Mealybugs are the Russian nesting dolls of the animal world. Their bodies harbor a bacterium that helps them turn plant sap into usable nutrients, and this bacterium itself harbors an even smaller bacterium, creating a three-tiered symbiotic relationship that hasn't been observed in any other animal. Now scientists have figured out how both microbes pitch in to keep the mealybugs well fed—a finding that could offer a glimpse at how our own mitochondria evolved.
Microbiologist John McCutcheon of the University of Montana, Missoula, was intrigued by the citrus mealybug's (Planococcus citri's) unique setup. So he teamed up with biologist Carol von Dohlen of Utah State University in Logan, who had discovered the Matryoshka-style arrangement in 2001, to look at the genes the two bacterial partners contained. They soon noticed something strange: Individually, neither the larger bacterium, Tremblaya princeps, nor its internal partner, Moranella endobia, had the biochemical machinery needed to convert sap into the amino acids mealybugs need. But together they did.
The bacteria tag-team the process, McCutcheon says. Tremblaya handles some steps then turns to Moranella to do the rest.
The tag-team relationship and the tiny size of the Tremblaya genome suggest each bacterial partner has lost some of its genes and their corresponding functions over evolutionary history. With just 121 genes (compared with humans' 20,000 to 25,000), the Tremblaya genome is the smallest ever found in an organism that isn't an organelle, a small subunit within a cell that has a little bit of its own DNA. Gene loss tends to happen when bacteria settle into a comfortable environment and no longer need certain functions, von Dohlen says, and it is what researchers think happened to organelles.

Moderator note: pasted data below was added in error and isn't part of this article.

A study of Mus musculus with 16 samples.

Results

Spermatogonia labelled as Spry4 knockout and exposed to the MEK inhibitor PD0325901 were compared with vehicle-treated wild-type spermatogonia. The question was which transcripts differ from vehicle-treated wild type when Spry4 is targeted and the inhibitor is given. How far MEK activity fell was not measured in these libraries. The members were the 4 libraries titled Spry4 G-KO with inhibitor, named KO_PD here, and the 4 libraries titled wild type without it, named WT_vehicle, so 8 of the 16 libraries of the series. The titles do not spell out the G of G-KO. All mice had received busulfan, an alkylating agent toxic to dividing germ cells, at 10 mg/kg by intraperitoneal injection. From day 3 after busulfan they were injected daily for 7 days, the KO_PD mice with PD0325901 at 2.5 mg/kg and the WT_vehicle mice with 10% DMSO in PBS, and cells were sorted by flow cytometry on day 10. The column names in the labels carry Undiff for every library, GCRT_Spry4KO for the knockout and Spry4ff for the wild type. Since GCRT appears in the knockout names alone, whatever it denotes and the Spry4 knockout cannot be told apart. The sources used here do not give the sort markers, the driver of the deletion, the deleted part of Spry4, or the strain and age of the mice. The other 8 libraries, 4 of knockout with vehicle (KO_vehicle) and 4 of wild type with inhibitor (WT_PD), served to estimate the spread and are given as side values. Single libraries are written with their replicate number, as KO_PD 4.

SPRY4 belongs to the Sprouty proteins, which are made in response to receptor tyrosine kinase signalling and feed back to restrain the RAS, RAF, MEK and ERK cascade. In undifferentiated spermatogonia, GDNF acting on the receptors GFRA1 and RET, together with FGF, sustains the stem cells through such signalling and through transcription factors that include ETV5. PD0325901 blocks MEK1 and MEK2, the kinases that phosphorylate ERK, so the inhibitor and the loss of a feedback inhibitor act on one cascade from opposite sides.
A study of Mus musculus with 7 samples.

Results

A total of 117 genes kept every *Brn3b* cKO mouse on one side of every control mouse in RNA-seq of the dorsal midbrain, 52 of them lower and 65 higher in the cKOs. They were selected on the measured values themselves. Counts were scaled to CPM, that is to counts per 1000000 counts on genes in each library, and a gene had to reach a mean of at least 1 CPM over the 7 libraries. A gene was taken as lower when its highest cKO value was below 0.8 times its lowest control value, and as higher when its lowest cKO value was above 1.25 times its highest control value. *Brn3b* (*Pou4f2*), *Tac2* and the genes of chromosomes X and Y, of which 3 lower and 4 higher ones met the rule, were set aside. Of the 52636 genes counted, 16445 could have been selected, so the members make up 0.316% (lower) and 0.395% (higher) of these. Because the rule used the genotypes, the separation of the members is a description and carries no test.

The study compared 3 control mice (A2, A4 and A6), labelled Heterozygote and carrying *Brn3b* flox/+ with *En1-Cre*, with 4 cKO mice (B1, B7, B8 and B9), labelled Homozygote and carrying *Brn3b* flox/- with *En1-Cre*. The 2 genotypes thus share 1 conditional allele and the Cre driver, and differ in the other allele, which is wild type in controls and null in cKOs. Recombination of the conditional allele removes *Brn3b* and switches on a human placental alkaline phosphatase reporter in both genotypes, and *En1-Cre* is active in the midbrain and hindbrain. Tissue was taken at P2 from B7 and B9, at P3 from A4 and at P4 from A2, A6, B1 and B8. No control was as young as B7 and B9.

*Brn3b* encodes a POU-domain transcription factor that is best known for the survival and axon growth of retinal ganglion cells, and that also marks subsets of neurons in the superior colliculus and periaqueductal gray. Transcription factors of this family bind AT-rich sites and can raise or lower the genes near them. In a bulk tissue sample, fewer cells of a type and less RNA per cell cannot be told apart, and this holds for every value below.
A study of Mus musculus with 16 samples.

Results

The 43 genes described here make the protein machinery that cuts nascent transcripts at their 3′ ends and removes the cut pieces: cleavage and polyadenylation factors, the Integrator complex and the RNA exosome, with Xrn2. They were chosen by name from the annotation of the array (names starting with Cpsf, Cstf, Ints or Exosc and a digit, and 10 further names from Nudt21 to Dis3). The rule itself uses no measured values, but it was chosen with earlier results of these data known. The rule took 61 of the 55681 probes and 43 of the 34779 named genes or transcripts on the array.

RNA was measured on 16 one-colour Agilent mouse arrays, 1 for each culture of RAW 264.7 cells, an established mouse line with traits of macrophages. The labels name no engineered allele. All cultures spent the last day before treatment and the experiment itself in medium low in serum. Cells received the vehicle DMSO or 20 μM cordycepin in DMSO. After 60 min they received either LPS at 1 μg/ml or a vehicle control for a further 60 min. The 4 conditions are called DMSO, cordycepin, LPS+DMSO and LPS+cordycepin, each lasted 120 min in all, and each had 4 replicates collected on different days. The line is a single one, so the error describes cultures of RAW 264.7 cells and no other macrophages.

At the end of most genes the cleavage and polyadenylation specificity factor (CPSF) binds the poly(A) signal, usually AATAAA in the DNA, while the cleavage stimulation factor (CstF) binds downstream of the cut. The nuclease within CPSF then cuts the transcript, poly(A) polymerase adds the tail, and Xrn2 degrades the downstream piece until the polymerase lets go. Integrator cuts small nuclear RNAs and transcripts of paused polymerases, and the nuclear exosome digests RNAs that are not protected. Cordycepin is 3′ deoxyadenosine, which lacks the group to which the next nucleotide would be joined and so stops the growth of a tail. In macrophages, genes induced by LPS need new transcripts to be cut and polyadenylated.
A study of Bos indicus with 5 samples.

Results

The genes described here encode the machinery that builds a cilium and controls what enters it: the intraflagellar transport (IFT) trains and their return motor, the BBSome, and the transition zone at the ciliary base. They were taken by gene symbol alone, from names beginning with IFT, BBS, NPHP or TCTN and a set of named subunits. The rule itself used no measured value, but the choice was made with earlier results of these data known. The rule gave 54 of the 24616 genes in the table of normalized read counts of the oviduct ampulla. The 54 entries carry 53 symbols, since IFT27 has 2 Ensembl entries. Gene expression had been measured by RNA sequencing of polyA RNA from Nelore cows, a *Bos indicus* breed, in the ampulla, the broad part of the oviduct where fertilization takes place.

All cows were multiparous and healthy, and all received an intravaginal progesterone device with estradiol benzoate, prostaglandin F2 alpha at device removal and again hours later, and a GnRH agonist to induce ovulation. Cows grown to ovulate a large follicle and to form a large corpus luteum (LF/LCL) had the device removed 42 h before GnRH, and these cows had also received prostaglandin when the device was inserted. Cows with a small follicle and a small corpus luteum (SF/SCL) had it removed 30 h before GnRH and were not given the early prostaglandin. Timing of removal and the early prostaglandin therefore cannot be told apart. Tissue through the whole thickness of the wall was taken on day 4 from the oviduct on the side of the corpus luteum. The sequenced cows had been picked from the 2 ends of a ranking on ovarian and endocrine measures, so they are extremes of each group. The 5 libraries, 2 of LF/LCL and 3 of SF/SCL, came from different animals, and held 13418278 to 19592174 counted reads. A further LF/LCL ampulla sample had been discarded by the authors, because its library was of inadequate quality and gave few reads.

Scientists believe that mitochondria, the organelles that act as power plants for animal cells, and chloroplasts, which enable plants to photosynthesize, got their start as bacterial friends performing Tremblaya- and Moranella-like kinds of metabolic tasks; as they lost parts of their genomes that were going unused, they became a permanent part of their hosts.
The team's results, published online today in Current Biology, may have opened a window on that loss, says Patrick Keeling, a protistologist at the University of British Columbia in Vancouver, Canada. "How bacteria become organelles is something we don't understand so well, because our only examples are millions of years old," he says. "This study ... gives us an opportunity to look at how it's unfolding."